March 2010, F&I and Showroom - Feature

by Jim Bass - Also by this author

There isn’t a person out there in the automotive retail world who wasn’t ready to say goodbye to 2009. From the closure and wind down of Chrysler and General Motors dealerships to the lack of floorplan and consumer financing, it’s simply been terrible. Adding to this witch’s brew is the government pussyfooting around with the start date for the Red Flags Rule, financial services reform and the general and ubiquitous fear or hatred of anything not superprime. So, has the good ole U.S. of A. run out money? Hardly.

Admittedly, finance companies that are not part of a depository institution (e.g., AmeriCredit, Consumer Portfolio Services, etc.) have had a devil of a time finding liquidity with which to purchase contracts. Those companies that are linked, such as Wells Fargo/Wachovia, Capital One and Regional Acceptance/BB&T, have had plenty of liquidity. However, the bank regulators have made it, shall we say, difficult to distribute additional funds in the lower credit tiers.

So, while the administration talks about making loans, the banking regulators criticize all but the best credit loans, be they commercial or consumer. If you believe the banks were just being difficult because of some internal policy, corner someone of authority over a cocktail and ask him to tell you about a few ridiculous loan classifications made by regulators. Consequently, the credit sources, especially depository institutions, are really between a rock and a hard place.

The news regarding credit lines of any form for “other than prime” auto activity was drying up, but became absolutely arid in the fall of 2008. There are so many culpable parties, it’d be difficult to truly identity who is to blame. First, there were the foolhardy consumers who overbought their ability to pay for very expensive homes. There also were the foolhardy mortgage agents, banks, insurance companies, retirement fund managers, et al, which — with the blessing of the rating agencies — purchased those mortgages by the billions.

Derivatives (bets on how the pools of loans would perform) were then sold by enterprising and very creative investment bankers. Then, to no surprise, mortgage defaults began to occur, bond payments were missed and the house of cards came tumbling down.

Guilt by Association

How much did the subprime and nonprime auto industry have to do with this breakdown? Well, judging by performance statistics for auto-loan portfolios, not very much. Unfortunately, the ones who suffered when credit guidelines tightened were dealerships, auto finance companies and — probably most importantly — auto consumers. So, did something happen to auto portfolio performance during 2008 to merit this punishment? Let’s take a look:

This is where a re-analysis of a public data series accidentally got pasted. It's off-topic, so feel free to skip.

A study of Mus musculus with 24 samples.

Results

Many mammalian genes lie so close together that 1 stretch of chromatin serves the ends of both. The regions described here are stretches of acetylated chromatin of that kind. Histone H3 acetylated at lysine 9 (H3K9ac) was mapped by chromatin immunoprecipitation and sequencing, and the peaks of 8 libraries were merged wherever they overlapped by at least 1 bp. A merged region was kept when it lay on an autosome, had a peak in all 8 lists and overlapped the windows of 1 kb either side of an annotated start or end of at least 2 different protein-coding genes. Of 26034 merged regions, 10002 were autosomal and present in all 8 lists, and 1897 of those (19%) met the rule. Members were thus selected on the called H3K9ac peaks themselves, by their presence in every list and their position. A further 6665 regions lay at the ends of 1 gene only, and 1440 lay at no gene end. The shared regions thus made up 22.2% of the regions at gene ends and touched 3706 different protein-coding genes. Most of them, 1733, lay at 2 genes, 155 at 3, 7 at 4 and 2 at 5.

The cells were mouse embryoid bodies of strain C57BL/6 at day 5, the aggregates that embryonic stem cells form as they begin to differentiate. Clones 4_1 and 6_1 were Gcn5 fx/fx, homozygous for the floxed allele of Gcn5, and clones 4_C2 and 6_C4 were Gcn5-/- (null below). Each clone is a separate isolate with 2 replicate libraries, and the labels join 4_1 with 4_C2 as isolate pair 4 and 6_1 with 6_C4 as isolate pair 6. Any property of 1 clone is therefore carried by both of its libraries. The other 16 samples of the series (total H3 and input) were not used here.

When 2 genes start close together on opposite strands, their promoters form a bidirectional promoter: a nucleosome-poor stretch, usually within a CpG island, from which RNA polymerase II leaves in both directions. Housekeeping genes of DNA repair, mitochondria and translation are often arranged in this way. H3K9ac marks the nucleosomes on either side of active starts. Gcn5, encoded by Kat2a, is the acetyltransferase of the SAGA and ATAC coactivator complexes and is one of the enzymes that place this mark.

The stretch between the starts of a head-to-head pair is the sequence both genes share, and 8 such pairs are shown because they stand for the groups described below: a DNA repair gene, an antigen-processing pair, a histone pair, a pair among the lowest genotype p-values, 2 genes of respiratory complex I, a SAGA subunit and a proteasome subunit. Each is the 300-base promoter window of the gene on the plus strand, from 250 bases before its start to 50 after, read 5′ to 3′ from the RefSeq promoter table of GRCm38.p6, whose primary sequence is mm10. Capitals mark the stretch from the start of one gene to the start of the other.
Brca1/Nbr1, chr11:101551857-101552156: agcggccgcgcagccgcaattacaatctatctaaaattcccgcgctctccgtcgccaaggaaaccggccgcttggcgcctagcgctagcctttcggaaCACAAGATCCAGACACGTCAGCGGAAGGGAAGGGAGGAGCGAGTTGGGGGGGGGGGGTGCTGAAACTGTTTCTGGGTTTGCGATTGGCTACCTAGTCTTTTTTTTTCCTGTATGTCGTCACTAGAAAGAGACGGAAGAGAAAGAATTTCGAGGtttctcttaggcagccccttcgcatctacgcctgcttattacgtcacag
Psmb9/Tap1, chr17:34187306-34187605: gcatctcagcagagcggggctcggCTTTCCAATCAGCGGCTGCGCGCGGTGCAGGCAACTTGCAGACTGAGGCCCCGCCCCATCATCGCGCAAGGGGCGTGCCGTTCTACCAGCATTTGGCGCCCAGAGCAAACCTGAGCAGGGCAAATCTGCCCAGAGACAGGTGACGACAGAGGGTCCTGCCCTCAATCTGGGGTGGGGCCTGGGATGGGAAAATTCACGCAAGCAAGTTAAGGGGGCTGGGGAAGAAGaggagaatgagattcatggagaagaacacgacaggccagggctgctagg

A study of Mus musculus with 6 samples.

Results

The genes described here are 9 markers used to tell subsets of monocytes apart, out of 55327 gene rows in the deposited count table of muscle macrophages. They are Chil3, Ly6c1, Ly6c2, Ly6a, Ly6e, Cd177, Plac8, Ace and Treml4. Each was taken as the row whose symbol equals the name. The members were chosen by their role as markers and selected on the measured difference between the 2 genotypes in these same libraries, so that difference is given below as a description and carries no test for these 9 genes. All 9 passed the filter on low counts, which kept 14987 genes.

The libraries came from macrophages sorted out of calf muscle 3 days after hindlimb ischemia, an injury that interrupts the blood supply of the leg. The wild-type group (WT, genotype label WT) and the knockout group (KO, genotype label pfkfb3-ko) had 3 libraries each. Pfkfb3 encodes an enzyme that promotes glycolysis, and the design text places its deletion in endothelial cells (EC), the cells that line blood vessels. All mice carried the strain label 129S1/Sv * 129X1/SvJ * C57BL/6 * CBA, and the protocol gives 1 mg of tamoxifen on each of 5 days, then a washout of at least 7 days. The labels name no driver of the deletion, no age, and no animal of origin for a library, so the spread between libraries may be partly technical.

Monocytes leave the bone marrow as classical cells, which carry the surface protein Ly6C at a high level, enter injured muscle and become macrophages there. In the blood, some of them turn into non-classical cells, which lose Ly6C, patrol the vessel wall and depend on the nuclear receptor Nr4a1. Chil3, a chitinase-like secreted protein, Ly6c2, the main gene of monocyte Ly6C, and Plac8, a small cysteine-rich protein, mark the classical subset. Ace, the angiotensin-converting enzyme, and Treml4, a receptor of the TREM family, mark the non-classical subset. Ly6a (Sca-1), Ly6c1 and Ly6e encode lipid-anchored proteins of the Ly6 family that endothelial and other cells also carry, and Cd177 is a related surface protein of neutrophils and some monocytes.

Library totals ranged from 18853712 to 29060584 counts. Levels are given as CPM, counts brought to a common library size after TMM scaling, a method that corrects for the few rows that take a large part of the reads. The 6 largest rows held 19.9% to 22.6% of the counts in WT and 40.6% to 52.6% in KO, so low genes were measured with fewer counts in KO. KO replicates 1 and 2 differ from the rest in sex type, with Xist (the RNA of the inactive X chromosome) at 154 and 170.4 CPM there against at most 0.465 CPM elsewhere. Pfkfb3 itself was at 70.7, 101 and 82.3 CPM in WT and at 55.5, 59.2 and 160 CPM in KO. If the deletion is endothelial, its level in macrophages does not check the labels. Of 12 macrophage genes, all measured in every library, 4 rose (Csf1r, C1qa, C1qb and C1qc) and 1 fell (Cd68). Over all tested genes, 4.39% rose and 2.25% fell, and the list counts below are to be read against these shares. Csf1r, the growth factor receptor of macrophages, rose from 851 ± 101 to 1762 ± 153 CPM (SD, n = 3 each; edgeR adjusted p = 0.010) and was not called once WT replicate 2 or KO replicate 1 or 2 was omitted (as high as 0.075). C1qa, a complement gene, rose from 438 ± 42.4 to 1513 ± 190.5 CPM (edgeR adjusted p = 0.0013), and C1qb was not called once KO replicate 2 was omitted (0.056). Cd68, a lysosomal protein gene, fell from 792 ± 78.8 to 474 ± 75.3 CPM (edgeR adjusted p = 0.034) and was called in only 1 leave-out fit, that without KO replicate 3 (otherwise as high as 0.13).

Credit Acceptance: In its most recent Form 10-Q filing with the Securities Exchange Commission, the company reported that its collection percentage changed very little over the last few years. Against an average initial predicted collection percentage of 71.316 percent, the average actual collection percentage as of Sept. 30, 2009, was 71.29 percent. That’s an unfavorable and almost immeasurable variance of 0.021 percent. Additionally, net income expressed as a percentage of total income was 37.8 percent for the period ending Sept. 30, 2009, compared to 21.5 percent for the same period in 2008.

AmeriCredit: This finance company is definitely digging out of its profitability hole and is rebuilding in a prudent and reasonable fashion. According to its Website, the company reported the following for its securitized portfolios:

• Delinquencies of 31–60 days ranged from 8.11 percent to 11.38 percent.

• Delinquencies 61–90 days ranged from 2 percent to 3.09 percent.

• Cumulative net liquidated receivables range from 10.23 percent in a mature portfolio to a high of 14.63 percent in a 2006 portfolio that still has a ways to go before maturing. Now, 14.63 percent might be higher than desired, but it’s only about two percent over what usually happens in good times.

• Profits, liquidity and total equity were also all up compared to 2008.

On a much broader scale, counting all levels of creditworthiness, all categories of auto finance contracts had decreased delinquencies from the third to fourth quarters of 2009, according to the American Bankers Association.

Experian Automotive also published its top 10 list of subprime finance companies in January. Although the names on the list are broadly familiar, it’s important to note that all 10 represent only a 37.6 percent share of the market. What that means is the subprime auto finance market is highly fragmented, with no company outside of those listed having more than a 1.2 percent market share. Let’s hope the finance sources upstream from the finance companies that are actually purchasing auto finance contracts — be they banks, private equity firms, insurance companies, etc. — see the strength of the market and resume funding in our segment.